County conservatives back Borrello for Senate seat
Recently resigned State Senator Cathy Young, R-Olean, left a hole in local representation, a hole that the Chautauqua County Conservative Party thinks could best be filled by Chautauqua County Executive George Borrello.
“We need someone who will stand up and fight for the interests and beliefs of the people of the 57th district,” said Anna Wilcox, chairman of the State Conservative Executive Committee. “We need George Borrello.”
After consultation with local Conservative Party members, Borrello was officially endorsed for the vacant state Senate seat.
“Originally I was not interested in it,” Borrello said. “However, after speaking to several people, including my wife, I gave more serious thought to it. I am concerned about having effective representation for our county and region in the senate.”
Wilcox said Borrello would help fight for the right to own a gun and push for welfare to not be “a permanent lifestyle” for state residents. Other liberal policy proposals, such as Gov. Andrew Cuomo’s calls for children of illegal immigrants to be able to go to New York state universities tuition-free and for recreational marijuana to be legalized, would be given some resistance by conservative leadership.
“I will work hard to ensure a smooth transition,” Borrello said of the possible career move. “The major initiatives — like the Ripley gateway center, the hops and grains co-op, the (Chautauqua Lake) consensus strategy — all require support at the state level. Having a champion in Albany that understands and supports these initiatives will be critical to their success.
“These projects are good and viable efforts supported by many good people. They do not rely on any single person. Although I may be a champion for them, there are many others involved in their development and advocacy.”
Wilcox noted that some may be hesitant to lose a sophomore county executive but said that Borrello is the “strongest and best qualified candidate.” Borrello began his work as county executive in 2018 and has since spearheaded initiatives to foster small business success and collaboration in local government.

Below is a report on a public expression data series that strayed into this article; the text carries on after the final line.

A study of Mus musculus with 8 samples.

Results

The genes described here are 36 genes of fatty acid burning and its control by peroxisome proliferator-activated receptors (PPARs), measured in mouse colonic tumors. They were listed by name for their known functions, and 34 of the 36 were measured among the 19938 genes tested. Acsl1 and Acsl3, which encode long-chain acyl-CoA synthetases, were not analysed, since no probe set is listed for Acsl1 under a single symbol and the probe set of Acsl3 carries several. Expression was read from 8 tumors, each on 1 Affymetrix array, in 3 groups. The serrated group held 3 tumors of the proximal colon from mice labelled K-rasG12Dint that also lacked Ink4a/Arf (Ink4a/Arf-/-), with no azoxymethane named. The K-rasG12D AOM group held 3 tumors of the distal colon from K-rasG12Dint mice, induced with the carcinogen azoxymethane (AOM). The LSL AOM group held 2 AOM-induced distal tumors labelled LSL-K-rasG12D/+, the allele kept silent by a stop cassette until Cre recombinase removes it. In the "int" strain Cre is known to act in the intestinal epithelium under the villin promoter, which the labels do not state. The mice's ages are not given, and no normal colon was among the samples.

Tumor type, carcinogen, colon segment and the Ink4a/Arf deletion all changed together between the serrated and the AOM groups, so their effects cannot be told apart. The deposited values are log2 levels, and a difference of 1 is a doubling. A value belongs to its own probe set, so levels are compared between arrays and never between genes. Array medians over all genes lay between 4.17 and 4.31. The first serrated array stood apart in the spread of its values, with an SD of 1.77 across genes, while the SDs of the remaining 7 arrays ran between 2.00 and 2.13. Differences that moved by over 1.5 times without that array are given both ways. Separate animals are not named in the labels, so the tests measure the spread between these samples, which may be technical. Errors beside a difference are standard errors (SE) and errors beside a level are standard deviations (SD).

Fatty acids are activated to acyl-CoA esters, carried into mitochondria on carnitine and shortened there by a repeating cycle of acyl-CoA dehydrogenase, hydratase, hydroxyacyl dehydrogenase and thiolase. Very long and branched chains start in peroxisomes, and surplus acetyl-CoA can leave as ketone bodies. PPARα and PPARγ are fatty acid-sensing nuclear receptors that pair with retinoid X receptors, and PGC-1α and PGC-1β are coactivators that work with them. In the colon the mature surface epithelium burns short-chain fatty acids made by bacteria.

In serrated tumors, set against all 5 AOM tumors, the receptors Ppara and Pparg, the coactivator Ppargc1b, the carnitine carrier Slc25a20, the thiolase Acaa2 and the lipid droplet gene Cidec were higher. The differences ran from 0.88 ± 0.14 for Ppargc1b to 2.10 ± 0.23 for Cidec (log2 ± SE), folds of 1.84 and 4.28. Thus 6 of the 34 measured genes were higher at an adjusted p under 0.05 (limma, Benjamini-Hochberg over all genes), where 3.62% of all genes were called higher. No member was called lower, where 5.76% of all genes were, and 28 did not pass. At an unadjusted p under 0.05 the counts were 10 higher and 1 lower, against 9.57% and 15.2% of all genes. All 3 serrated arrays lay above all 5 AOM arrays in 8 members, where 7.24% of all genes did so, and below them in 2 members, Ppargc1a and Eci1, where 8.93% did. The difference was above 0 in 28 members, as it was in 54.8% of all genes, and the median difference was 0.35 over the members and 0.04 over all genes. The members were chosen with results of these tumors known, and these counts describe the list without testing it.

“We have a good foundation here in Chautauqua County to continue the forward progress,” Borrello said. “But without an effective member in the State Senate, those things could be in jeopardy.”
State Assemblyman Andy Goodell, meanwhile, has taken his name out of the running for State Senate.
On Friday, after the Sgt. Jonathan Gollnitz sign dedication, Goodell was asked if he was planning to run for the senate seat being vacated by Cathy Young.
“No, I’m not,” he said. “I like what I’m doing.”
Goodell noted that if he were to run and win Young’s former seat, he would lose his tenure that he has built up during his time in the Assembly.
In order for Borrello to have a shot at the vacant state senate seat, Cuomo would have to call for a special election. Otherwise, the general election will lead to Young’s replacement being installed in 2020.
“There is a still a process that will play out and there’s no guarantee I will be the candidate,” Borrello stated. “Also, I will only do this if I believe that it’s the best path for us to have effective representation and to achieve our goals and advocate for common sense and the values of the people of our county and the entire 57th district.”